Workers Enjoy Freedom of Fair

"We've got a winner!"

A few fairgoers stop and smile as Richard Gustafson, the man behind the voice, hands the lucky contestant a carnival-issue stuffed animal.

The air is heavy with the smell of fried dough and grease, and people on rides whiz by in a blur of hair and screams.

With an average weekend crowd of more than 220,000, a maze of games and rides greets every person.

Entertainment has been an integral part of the fair since James E. Strates brought his business to Raleigh in 1948.

Traveling the eastern seaboard by train, Strates Shows became a nationwide institution.

The company now employs nearly 500 people who work seven months of the year and travel, in one season alone, to at least 16 different locales.

Often called "carnies," these fair workers have gained a negative reputation over the years.

Gustafson said the carnival workers are interrogated by the police, stared at with disgust and denied hotel rooms.

"(We) are treated like third-class citizens," he said. "(This behavior) violates civil rights."

Despite stereotypes about carnival workers, John Strates, manager of Strates Shows, is proud of his business and workers.

He speaks highly of the effort hidden behind painted scenes and happy children.

"It's pretty extraordinary to see the way they work," he said. "They are out there in the middle of the night, working and moving things."

William Costin, a 31-year carnival veteran, echoes his sentiments. "Not everybody can do this job."

Costin started working with the carnival at age 12 because he needed money. He now works almost 30 hours a week with no vacation time at the Water Gun Fun booth.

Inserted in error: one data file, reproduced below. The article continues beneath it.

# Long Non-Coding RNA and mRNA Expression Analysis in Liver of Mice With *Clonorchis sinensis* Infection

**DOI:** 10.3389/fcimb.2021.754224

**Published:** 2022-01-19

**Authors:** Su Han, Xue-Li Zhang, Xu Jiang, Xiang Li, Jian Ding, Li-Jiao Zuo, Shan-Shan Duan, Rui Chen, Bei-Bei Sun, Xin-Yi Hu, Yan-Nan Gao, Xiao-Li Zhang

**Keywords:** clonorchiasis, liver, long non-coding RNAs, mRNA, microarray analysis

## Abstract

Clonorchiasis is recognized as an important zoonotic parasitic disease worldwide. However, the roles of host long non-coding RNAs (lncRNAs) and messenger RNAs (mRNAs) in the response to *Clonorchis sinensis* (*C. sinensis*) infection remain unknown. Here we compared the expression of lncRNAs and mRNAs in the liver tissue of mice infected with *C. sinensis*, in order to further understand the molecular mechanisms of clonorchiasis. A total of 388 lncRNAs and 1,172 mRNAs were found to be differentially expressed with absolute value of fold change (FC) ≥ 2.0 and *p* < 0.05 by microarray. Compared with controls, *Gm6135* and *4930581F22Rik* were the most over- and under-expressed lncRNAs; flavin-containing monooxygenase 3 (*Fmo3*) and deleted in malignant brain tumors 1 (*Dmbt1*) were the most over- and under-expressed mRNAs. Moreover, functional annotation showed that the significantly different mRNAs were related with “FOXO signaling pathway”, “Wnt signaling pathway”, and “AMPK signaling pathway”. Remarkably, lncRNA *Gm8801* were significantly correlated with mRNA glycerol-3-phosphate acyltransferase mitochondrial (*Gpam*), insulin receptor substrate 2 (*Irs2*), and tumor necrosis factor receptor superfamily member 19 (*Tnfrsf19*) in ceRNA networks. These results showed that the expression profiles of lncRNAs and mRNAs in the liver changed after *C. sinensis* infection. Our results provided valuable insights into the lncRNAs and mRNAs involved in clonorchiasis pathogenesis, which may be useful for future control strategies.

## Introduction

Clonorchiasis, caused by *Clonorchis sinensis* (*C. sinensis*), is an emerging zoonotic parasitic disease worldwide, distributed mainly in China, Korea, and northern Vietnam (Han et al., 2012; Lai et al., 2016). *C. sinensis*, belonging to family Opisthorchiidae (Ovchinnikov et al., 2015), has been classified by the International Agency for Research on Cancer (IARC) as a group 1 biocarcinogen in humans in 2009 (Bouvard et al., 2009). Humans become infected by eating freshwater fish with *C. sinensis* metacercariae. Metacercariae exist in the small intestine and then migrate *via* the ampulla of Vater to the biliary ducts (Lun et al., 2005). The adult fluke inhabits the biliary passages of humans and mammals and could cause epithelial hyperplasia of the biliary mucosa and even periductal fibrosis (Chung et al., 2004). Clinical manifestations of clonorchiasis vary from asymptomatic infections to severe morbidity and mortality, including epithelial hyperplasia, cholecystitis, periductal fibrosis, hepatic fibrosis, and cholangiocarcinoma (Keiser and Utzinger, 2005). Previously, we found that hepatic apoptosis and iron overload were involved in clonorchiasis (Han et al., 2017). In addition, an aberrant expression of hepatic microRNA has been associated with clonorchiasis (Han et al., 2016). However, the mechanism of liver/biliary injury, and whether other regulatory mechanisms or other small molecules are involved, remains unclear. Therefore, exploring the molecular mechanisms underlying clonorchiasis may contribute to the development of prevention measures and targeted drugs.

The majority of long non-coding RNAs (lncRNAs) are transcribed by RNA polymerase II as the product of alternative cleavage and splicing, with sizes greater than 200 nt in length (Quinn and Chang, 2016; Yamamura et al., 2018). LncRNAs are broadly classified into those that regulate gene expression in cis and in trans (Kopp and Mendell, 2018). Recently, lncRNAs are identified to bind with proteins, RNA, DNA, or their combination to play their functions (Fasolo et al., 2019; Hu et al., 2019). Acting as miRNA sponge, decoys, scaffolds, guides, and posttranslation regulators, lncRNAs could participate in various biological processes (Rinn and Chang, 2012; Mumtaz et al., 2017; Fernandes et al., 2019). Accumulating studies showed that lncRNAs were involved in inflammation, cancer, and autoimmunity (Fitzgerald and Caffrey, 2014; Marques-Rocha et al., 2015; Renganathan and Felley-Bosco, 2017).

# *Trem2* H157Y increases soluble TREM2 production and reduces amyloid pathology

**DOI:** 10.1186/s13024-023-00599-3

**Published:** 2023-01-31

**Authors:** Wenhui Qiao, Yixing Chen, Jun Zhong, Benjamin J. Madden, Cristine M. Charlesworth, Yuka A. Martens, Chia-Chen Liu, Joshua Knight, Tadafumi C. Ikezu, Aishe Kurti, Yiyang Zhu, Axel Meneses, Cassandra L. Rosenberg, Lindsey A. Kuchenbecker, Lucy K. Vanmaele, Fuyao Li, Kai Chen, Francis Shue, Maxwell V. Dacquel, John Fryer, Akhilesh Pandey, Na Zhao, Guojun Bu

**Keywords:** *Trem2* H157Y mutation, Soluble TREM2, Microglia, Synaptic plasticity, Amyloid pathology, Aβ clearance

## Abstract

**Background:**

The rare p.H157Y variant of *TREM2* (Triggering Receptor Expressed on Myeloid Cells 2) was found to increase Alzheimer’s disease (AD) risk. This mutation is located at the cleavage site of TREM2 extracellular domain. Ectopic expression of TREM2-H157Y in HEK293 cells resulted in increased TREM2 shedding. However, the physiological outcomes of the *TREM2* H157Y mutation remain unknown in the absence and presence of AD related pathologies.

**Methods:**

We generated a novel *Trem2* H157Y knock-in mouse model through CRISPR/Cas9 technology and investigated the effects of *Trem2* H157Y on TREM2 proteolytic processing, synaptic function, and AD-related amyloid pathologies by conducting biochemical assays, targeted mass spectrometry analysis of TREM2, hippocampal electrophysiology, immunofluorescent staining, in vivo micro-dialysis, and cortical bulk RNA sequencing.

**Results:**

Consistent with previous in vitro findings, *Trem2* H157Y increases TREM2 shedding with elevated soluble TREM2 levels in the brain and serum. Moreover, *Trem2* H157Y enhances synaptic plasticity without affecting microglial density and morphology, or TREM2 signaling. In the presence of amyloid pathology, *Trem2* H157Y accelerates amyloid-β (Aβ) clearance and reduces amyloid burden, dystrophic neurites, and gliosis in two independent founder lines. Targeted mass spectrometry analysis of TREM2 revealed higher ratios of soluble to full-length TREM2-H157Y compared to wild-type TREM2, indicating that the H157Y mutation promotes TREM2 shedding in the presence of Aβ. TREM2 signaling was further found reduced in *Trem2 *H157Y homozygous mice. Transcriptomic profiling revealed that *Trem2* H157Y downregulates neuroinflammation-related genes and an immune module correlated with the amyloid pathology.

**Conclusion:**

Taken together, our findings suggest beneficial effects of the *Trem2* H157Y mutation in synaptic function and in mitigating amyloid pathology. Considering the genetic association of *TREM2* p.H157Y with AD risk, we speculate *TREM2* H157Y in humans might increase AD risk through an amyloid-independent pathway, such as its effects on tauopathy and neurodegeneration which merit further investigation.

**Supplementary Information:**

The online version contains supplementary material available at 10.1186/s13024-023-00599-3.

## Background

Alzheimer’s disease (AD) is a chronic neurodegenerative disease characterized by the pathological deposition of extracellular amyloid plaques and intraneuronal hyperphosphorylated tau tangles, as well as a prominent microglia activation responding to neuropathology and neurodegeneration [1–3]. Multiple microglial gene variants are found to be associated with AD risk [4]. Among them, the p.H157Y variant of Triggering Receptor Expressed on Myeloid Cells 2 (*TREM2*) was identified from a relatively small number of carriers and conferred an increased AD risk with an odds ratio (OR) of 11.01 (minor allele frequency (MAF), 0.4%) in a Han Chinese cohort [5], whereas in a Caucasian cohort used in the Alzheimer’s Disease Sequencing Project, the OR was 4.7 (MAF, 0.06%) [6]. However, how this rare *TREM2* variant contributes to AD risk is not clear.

He juggles the rest of his time between another job driving a tractor-trailer and his family in Boston.

Costin, like many of his co-workers, follows the fair caravan by truck, spending nights in hotels with his own money, but he said he delights in his daily work.

"I cater to the kids," he said with a smile. "I give everything away!"

But life on the road is difficult for Costin.

"My youngest daughter turned 5 yesterday, and I couldn't even be there for it," Costin said a week ago.

"I'm lucky though because some of these guys never see (their families)."


Gustafson, a 48-year-old Michigan native, said he loves "the freedom to work for (himself)."

He joined the Strates carnival 28 years ago after a stint in the army. "I was just being a hippie," he said with a nostalgic grin. "I was looking for something to do in the '70s."

He likened his carnival work to the Dionysian theater of ancient Greece, which played off audience reaction rather than a set script. "We respond to the people as they come to us," Gustafson said.

Before his days of fast food and Ferris wheels, Gustafson spent four years at Grand Valley College in Michigan where he read extensively and wrote for his school newspaper.

He said he decided against taking his writing talent to a professional level.

"Writing is too personal," he said. "You really put your soul out there."

Gustafson said he knows working at carnivals does not garner him the respect he might have gotten in another field, but, for him, happiness and inner peace are more important goals.

"I enjoy my job; I'm free," Gustafson said. "People don't have the sense of values out there that they do here."

Gustafson said the benefits of his job are worth the poor treatment, the long hours, even the time away from his four children.

The distance isn't a problem, he said. "I can come and go as I like."

A schedule like this is hard to find in today's world as most people look for practicality, for stability.

But not the carnival workers. Not Richard Gustafson. As he takes four tickets from a fairgoer and retreats into his world of colored lights and caramel popcorn, he smiles thoughtfully.

"I am who I am. I'm not going to hide that from anybody."